For our first team feature, we are focusing on Potomac Elite Volleyball Club (Shepherdstown, WV), one of the first clubs to sign on for The Assist Project. We asked club administrator Melissa Halaj 7 questions and have posted her answers below. We hope these inspire you for your next service project!
- What kinds of team building activities do you like to do with your club players?PEVBC is working hard to create a ‘community’ connection within our club. Each team has organized their own ‘team building’ events such as gift exchanges around the Holidays, team sleep overs, pizza parties, and so forth. However, as a club we are trying to organize events that give back to the community: This season we organized a Food Drive for the Ranson Food Bank, volunteered and made donations for the Santa Party at Ranson, participated in The Assist Project, and hope to plan a spring event that will benefit the Ranson community. We also try and plan ways to get the teams to work together as a whole. The Travel teams do conditioning together, when we are at the same tournaments we cheer for each other when possible, and all the teams find times to scrimmage and play each other during practices.
- How did you fit The Assist Project in with your club’s activities?As a club, we challenged each team to raise funds and make at least 30 cards – the team that raised the most money by our club deadline would win a pizza party. In the end, our 18s team won but extended an invitation to our 13s team (who was right behind them in fundraising) to join them for a ‘Top Two’ Pizza party. The younger girls were so excited to spend time with the older girls.
- Where did your teams meet to make the cards? Did you make it an event of some sort?The club provided each team with an Assist Project package for making their cards (Dos/Don’ts guidelines, construction paper, markers, crayons, stickers, etc.), then each team found time — during a multi-day tournament at the hotel, after practice, or at a team sleep over — to make their cards. In addition, our club hosted a 15/16s tournament in January and we challenged all of the teams attending the tournament to make cards. The team that made the most cards by the end of the tournament won a prize. We had an Assist Table set-up at the tournament with all the supplies needed and we had a few volunteers there to help with explaining what we were doing. We also provided each of these clubs’ with information on The Assist Project and how they could get involved. After the tournament, we turned over all the cards to The Assist Project for them to share at area hospitals.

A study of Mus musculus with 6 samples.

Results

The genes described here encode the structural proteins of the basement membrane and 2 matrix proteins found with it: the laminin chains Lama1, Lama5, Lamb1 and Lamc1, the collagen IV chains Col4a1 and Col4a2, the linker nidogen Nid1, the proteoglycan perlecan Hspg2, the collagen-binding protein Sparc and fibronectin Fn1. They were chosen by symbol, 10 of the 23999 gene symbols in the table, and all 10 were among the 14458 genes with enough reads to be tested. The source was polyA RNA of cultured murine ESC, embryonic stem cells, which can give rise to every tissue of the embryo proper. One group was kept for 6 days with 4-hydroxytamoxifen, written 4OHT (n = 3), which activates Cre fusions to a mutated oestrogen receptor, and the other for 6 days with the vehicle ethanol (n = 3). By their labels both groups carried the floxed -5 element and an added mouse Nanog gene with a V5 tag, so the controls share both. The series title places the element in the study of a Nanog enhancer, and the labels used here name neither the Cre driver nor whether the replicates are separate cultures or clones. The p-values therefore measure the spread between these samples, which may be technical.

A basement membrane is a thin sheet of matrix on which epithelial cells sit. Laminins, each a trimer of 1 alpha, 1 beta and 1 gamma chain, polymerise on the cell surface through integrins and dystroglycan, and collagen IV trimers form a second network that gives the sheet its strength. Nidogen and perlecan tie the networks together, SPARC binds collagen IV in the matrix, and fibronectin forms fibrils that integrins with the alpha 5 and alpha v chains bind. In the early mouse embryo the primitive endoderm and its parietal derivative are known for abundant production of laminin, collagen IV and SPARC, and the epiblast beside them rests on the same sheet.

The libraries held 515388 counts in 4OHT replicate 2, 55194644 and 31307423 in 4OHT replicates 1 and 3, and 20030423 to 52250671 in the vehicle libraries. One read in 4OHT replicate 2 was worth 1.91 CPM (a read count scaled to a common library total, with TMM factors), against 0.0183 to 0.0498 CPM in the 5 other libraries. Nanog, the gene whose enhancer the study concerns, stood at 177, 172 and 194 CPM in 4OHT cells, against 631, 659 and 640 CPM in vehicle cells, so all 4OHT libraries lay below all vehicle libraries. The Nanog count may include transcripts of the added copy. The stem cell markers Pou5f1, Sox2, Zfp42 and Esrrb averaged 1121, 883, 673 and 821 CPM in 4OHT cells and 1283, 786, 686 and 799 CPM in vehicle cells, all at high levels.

- How many players created cards?All 7 PEVBC teams (12-18) made at least 30 cards, if not more. Most players made at least 3 cards, but we had several creative players who made a lot more than 3!
- What did your players do to make their cards special?Some of the players added stickers, most of them drew pictures on the cards, and many of them wrote silly jokes or riddles. Everyone found some way to be creative. The smiley faces, fancy flowers, and funny pictures were so much fun to look at when I was counting cards per team.
How did you incorporate fundraising?
Our club created fundraising pages for each of our teams through The Assist Project and provided each team with the URL for their team page. This made it easy for parents and players to email family and friends and ask for donations. We did receive a few personal checks, but The Assist Project made it very easy to turn these in and have the amounts added to the appropriate team’s page. In addition, the club created a page on our web site so parents and players could not only see how their team was doing but how all the teams were doing with fundraising. A few times during our ‘Assist Project Challenge,’ the club sent out emails to everyone with current totals on how much money each team had raised so far and encouraged everyone to keep reaching out to their family and friends.
- How did players and their families respond to The Assist Project?The response from parents, players, and relatives was extremely positive. Most families have some story relating to Cancer – either a family member, friend, or neighbor that has been affected by this disease. Parents enjoyed watching their children doing something positive to help others – everyone was excited to participate. The players really had fun creating the cards with their teammates. They talked, joked around, and really bonded while making their cards.